Excerpt: ‘Of Dice and Men: The Story of Dungeons & Dragons and the People Who Play It’

Of Dice and Men is the definitive book on Dungeons & Dragons and its rise to cultural prominence, interlaced with engaging forays into the colorful world of the author’s fellow obsessives — from Forbes Senior Editor and gaming and technology expert David Ewalt. The following excerpt is from Chapter 3, ”Grognards,” in which David travels to a D&D convention, just outside of Philadelphia, to connect with other gamers. 

by David M. Ewalt

I knew that if I truly wanted to understand Dungeons & Dragons, I had to first understand the games that gave birth to it. But I couldn’t just go to a toy store and buy a hundred-year-old war game: today, games like Little Wars and Kriegsspiel are decidedly out of style.* They’ve been replaced as entertainment by war-themed video games and supplanted in education by incredibly complex simulations. Militaries around the world still use war games for training, but these exercises are usually either computerized or playacted. The U.S. Army employs game designers in the Simulations Division at its Command and General Staff College; their events look like highly moderated role-playing games, a cross between D&D, fantasy football, and high school Model UN.

*But not extinct: Apple Computer founder Steve Jobs was a Kriegsspiel fan; in the early days of the company, he’d play games with engineer Daniel Kottke, sometimes while they were both tripping on LSD.

But dedicated war gamers soldier on. The Historical Miniatures Gaming Society, a nonprofit foundation created to promote the hobby, has more than two thousand members worldwide and hosts a yearly convention—four days of seminars, socializing, and lots and lots of games. Since I had never actually played a war game, I decided to check the con out—these games are too important to ignore. (In other words: Fear not, ranger. We’ll get back to D&D in two shakes of a lamia’s tail.)**

**“This creature seems to be a cross between a stunningly attractive human and a sleek lion. It looks human from the waist up, with the body of a lion below that.” Monster Manual, page 165.

Historicon was held over the second weekend in July at the Valley Forge Convention Plaza in King of Prussia, Pennsylvania, an edge city about twenty miles northwest of Philadelphia. The town is best known for its massive mall, the largest in the United States. It’s also home to Valley Forge National Historical Park, where George Washington and the Continental Army famously made camp during the American Revolution. But the mall gets way more visitors.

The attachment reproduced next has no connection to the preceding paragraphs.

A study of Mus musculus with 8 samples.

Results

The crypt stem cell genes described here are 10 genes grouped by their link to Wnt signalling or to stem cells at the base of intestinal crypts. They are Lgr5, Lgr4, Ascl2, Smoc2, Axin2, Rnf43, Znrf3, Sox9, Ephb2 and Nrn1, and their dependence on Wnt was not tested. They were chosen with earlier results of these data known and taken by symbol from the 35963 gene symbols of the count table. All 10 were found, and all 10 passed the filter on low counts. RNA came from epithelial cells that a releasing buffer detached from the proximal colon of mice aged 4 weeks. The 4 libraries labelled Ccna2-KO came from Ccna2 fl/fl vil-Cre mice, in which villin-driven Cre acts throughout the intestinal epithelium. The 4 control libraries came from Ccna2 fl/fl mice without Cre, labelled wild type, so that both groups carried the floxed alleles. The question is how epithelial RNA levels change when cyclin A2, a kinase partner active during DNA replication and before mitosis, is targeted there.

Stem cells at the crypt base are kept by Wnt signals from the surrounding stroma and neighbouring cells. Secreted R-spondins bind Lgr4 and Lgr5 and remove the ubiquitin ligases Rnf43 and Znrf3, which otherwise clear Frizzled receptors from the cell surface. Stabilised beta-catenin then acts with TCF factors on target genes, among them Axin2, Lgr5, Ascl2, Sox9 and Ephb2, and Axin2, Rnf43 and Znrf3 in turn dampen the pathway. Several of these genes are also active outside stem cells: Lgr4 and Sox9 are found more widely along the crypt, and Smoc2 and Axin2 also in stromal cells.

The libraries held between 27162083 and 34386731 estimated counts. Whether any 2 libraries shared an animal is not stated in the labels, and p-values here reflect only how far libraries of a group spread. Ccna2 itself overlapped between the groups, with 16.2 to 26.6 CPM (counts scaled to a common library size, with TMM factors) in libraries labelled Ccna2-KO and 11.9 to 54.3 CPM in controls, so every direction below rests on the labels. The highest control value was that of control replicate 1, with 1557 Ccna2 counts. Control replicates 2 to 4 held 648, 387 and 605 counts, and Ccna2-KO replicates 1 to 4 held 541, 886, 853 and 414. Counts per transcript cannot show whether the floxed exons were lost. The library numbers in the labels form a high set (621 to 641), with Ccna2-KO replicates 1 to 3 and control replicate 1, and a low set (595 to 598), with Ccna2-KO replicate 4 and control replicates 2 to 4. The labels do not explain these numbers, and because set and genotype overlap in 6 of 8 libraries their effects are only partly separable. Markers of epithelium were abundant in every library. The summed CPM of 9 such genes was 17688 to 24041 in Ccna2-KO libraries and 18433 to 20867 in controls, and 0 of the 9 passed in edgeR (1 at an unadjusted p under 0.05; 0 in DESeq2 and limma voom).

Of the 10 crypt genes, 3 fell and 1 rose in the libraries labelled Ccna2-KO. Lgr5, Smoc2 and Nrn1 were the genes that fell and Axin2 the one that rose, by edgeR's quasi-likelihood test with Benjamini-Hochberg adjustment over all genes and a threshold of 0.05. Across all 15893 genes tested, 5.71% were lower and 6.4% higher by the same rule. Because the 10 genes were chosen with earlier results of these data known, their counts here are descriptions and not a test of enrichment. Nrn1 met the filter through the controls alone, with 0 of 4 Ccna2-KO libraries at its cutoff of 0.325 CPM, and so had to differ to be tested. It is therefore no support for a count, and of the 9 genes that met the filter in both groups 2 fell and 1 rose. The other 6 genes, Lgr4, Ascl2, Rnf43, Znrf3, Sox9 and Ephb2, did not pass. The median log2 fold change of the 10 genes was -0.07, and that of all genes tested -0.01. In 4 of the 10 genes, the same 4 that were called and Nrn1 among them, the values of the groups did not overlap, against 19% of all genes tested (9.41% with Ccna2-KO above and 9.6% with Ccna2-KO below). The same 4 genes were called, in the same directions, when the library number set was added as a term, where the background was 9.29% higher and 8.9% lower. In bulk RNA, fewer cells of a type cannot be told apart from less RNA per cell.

It’s easy to find the convention center, an unappealing 1970s concrete bunker connected to dusty and dated hotels at either end; the whole complex rises out of a sea of parking lots like a crashed alien spacecraft. Three thousand attendees walked through the doors that weekend to grab spots at over six hundred games. I got there early on Friday to procure one of twelve tickets for “Napoleon’s Battles Boot Camp,” a hypothetical skirmish between French and Prussian armies, intended for novice players. With time to kill, I wandered the halls.

There are certain characteristics common to all game conventions, whether they’re dedicated to historical minis, role-playing, video games, or board games like chess and Scrabble. The first is gender imbalance. Maybe men are more attracted to competitive games or more likely to obsess about their hobbies; either way, they always constitute a majority of attendees. The second is age imbalance. Convention-goers are more likely to sport gray hair than tattoos and ear gauges, probably because of the high cost of attending. Finally, there’s racial imbalance. Chalk it up to social differences or economic ones, but crowds inside a game convention are always whiter than the population outside, even in cities like New York and San Francisco. In other words: The typical game convention attendee is a middle-aged white guy. This will come as a shock to few, but it’s worth noting. Appropriately, war gamers refer to themselves as “grognards”—a French term for “old soldiers.” The literal translation, “grumbler,” was first applied to Napoleon’s elite Imperial Guard, veterans so respected they could freely complain about orders and even groan to the emperor himself.

Of Dice and Men was recently published by Scribner, a division of Simon & Schuster. For more information on the book, click here.  

Courtesy of Simon & Schuster

Courtesy of Simon & Schuster

David Ewalt is an award-winning journalist, a widely-recognized tech guru, and a level fifteen cleric. As a Senior Editor at Forbes, he covers a wide range of topics ranging from technology and online culture to beer and wine. As a tech guru who can communicate clearly, Ewalt has appeared on ABC’s Good Morning America, CNBC’s Closing Bell, NPR’s All Things Considered, and various programs on CNN, Fox News, MSNBC, and the BBC. He is a regular contributor to G4TV’s Attack of the Show, an internationally broadcast daily program dedicated to gaming, gadgets, and pop culture. Ewalt spent nearly every Friday and Saturday night of his teenage years engrossed in various role-playing games. Despite that fact, he eventually married and lives with his wife in Brooklyn, New York. For more information, please visit: www.davidmewalt.com 

It turns out the cure for cancer is more cancer

It turns out the cure for cancer is more cancer

We deserve the Congressional Medal of Self-Restraint for not writing a 55-minute Daenerys love scene.

We deserve the Congressional Medal of Self-Restraint for not writing a 55-minute Daenerys love scene.

See the long-term effects of Dungeons & Dragons in the hidden influences behind Deadpool‘s creative team: Not Just Another Terrifying Face. Or ditch the dice and lean towards fan fiction with The Never-Before-Seen ‘Game of Thrones’ Script.